Editors Note: The following article was taken from a June 13th, 1995 issue of the Minneapolis Star-Tribune:
MINNEAPOLIS, MN – 1995 has been one of the most difficult seasons in Minnesota Twins history. For starters, the beleaguered franchise is currently working on a three year playoff absence, and although new manager George O’Farrell was brought aboard to halt that trend, Minnesota has struggled to a 23-37 start. To make matters worse, tragedy struck in early May, as long-time team owner Thomas Heywood passed away at age 81. Heywood was a beloved owner who was known to understate his level of wealth(although observers at a Minneapolis area ice cream shop once heard Heywood tell a Little Leaguer that he “pissed on Jed Clampett” when prompted for a comment on whether Heywood or the fictional patriarch from the Beverly Hillbillies was wealthier). The fallout from Heywood’s death was that his grandson – 11 year-old Billy Heywood – inherited the team.
While the prospect of having an 11 year-old owner was relatively unusual, the younger Heywood has been a fixture around the clubhouse for a number of years, fostering relationships with such Twins stalwarts as first baseman Lou Collins and DH Jerry Johnson. In addition, as a condition of Heywood’s take over of the team as a minor, General Manager Arthur Goslin was appointed to manage the teams day to day operations. Thus, although young Billy owned the team his input was limited to signing off on various personnel decisions that would have a financial impact on the team. Enter Rickey Henderson.
Earlier this week the commissioner’s office declared the 10-time All Star and 1990 MVP a free agent. Allegedly Henderson’s agent contacted Goslin with a list of contract requirements and demands that apparently included a 3 year $18 millon dollar contract, a dog, a country club membership, and a Ferrari Testarossa. Sensing an opportunity to improve the Twins, Goslin contacted Heywood – who at the time was leaving classes at Theodore Jeffries Elementary School – in order to have him sign off on the move. Heywood approved the pursuit and he and Goslin approached manager George O’Farrell to finalize the move. However, O’Farrell claimed he had various difficulties with Henderson and rejected the transaction. This inspired Heywood – whom unnamed Twins insiders have claimed disagrees with O’Farrell’s in your face style – to fire O’Farrell after just 60 games on the job.
Although signing Henderson became a moot point after he re-signed with Oakland, the Twins were still in need of a new manager to replace the fired O’Farrell. Goslin’s first two phone calls were to former St. Louis Cardinals manager Whitey Herzog and ex-Texas Rangers head man Bobby Valentine. However, both Herzog and Valentine rejected the overtures – and they were not alone. It seems that the majority of veteran managers had no interest in working under an 11 year-old boy.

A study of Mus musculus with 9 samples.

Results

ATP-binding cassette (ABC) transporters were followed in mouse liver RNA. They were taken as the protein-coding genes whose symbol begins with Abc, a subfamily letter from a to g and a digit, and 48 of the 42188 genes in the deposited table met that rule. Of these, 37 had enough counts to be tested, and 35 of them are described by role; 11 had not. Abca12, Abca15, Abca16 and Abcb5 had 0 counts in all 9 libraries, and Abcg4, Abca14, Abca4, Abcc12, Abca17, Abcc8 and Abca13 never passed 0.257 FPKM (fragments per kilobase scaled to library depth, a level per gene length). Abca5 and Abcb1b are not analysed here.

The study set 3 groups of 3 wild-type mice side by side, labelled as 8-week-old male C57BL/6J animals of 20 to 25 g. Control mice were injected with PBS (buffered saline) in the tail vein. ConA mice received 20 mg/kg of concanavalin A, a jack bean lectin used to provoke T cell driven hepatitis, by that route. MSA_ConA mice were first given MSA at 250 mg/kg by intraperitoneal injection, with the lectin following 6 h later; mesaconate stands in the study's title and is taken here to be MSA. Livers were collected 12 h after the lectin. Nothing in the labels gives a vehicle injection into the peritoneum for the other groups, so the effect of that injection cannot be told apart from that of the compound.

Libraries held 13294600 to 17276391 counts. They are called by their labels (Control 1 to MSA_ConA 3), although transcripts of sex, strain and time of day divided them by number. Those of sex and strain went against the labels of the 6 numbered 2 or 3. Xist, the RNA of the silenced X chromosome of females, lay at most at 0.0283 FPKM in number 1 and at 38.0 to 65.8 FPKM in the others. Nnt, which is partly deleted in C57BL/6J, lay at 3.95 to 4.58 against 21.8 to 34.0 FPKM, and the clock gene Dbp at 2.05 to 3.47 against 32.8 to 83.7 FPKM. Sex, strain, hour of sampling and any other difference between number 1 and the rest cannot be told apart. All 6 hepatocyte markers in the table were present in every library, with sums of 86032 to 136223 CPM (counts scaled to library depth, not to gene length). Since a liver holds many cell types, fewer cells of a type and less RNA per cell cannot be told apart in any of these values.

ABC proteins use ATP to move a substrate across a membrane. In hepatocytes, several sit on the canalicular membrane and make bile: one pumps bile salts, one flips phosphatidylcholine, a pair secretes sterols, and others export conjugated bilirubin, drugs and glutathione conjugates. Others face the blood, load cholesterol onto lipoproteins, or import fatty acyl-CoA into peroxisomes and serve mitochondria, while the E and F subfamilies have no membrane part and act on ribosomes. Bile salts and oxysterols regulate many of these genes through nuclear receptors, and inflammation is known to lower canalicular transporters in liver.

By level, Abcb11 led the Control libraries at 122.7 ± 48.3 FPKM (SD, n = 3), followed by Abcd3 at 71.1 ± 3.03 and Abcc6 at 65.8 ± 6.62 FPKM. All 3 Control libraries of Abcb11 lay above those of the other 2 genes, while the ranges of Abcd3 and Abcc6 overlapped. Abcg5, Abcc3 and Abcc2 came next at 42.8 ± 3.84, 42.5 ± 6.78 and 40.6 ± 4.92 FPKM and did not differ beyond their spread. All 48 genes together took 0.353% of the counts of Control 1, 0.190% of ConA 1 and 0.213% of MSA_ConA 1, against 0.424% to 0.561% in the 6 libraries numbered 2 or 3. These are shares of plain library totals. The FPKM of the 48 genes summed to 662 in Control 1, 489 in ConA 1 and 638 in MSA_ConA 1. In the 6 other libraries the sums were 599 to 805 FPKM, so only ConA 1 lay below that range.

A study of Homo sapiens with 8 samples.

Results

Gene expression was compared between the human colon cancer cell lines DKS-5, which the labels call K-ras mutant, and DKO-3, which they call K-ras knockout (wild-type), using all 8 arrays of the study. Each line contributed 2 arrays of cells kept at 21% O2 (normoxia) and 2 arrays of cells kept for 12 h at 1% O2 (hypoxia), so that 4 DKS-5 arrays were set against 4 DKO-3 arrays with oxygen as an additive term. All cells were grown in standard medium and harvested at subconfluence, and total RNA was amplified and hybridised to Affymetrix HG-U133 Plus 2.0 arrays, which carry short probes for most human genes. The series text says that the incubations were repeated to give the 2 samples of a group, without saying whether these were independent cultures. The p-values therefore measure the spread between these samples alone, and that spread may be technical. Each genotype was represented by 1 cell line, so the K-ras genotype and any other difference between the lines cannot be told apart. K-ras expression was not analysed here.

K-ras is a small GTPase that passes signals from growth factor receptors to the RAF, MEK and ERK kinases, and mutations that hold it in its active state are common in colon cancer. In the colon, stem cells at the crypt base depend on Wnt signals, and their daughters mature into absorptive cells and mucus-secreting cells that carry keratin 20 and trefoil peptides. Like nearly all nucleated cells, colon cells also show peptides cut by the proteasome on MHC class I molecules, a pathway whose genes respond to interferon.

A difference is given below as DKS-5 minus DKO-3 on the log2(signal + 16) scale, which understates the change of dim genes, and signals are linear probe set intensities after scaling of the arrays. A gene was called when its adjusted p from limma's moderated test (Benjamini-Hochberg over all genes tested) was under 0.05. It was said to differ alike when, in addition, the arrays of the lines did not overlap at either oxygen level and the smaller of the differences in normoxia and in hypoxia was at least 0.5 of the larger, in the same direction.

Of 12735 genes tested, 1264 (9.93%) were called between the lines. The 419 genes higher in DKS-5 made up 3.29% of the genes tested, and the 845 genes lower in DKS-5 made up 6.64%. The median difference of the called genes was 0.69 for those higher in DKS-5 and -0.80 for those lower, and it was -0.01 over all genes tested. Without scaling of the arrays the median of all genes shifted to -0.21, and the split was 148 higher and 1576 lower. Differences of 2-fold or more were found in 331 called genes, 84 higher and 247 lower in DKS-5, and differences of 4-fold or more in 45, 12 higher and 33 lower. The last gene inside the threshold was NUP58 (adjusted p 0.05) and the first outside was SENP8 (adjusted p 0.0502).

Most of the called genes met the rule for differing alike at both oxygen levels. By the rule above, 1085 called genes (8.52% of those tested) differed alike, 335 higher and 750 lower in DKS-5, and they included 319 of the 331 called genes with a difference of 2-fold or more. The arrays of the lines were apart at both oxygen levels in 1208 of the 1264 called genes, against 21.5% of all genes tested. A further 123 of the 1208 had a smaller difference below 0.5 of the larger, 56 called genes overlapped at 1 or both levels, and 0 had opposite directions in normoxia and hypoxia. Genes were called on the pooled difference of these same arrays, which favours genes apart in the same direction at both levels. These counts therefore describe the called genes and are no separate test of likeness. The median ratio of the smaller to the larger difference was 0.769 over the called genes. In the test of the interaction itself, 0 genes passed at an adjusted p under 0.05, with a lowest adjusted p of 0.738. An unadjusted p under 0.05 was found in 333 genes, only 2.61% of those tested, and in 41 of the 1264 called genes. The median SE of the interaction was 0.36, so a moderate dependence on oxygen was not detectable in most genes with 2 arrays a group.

With few directions to turn Heywood opted to make the most shocking move in MLB history – naming himself the manager. After convincing acting baseball commissioner Bud Selig that the move was not a publicitiy stunt, Selig signed off and history was made. At just 11, Heywood becomes the youngest manager in MLB history – breaking the record previously held by Bucky Harris who was hired as the 27 year-old manager of the Washington Senators in 1924.
The early returns on Heywood’s appointing himself manager have been overwhelmingly negative. Twins starting pitcher Mike McGrevey told reporters that “(he would be) damned if his career is going to be ruined by some mutant little leaguer.” In addition, reliever Jim Bowers quipped that it was strange that the Twins new manager could not even buy a ticket to an R-rated movie for another 6 years. Finally, an anonymous Twins player was overheard saying “No seriously, why did we hire an 11 year old boy? How can this possibly end well? Is he super smart or something? Someone explain to me how this is a good idea.” Comments such as that indcate relatively clearly that Heywood is going to have his work cut out for him.
Fortunately for Heywood there is some precedent of pre-teen’s making an impact in Major League Baseball – as the Chicago Cubs ended their 85 year drought and won the 1993 World Series primarily on the back of 12 year-old pitching phenom Henry Rowengartner. However the situations are clearly different as Rowengartner’s pitching prowess was the product of a freakish medical accident – one which resulted in the largest medical malpractice lawsuit (and subsequent award) in the history of private medicine. Yet, Heywood does not appear to have the same luxury when it comes to medical marvels.
Coming off the strike shortened 1994 season, this move will certainly bring attention to a Twins franchise that has seen attendance slip by 36% in 1995. But the question that will linger over Minnesota for the remainder of the year is whether Heywood is qualified for this job. He has no previous managerial experience and when asked to describe how he would handle various situations he cited moves he had made in Super Nintendo’s Ken Griffey Jr. Presents: Major League Baseball. Heywood further went on to lay out his two pronged plan to get the Twins back in the pennant race, consisting of having fun and music montages featuring hits from the Four Seasons.
Heywood will make his managerial debut on Wednesday against the Detroit Tigers.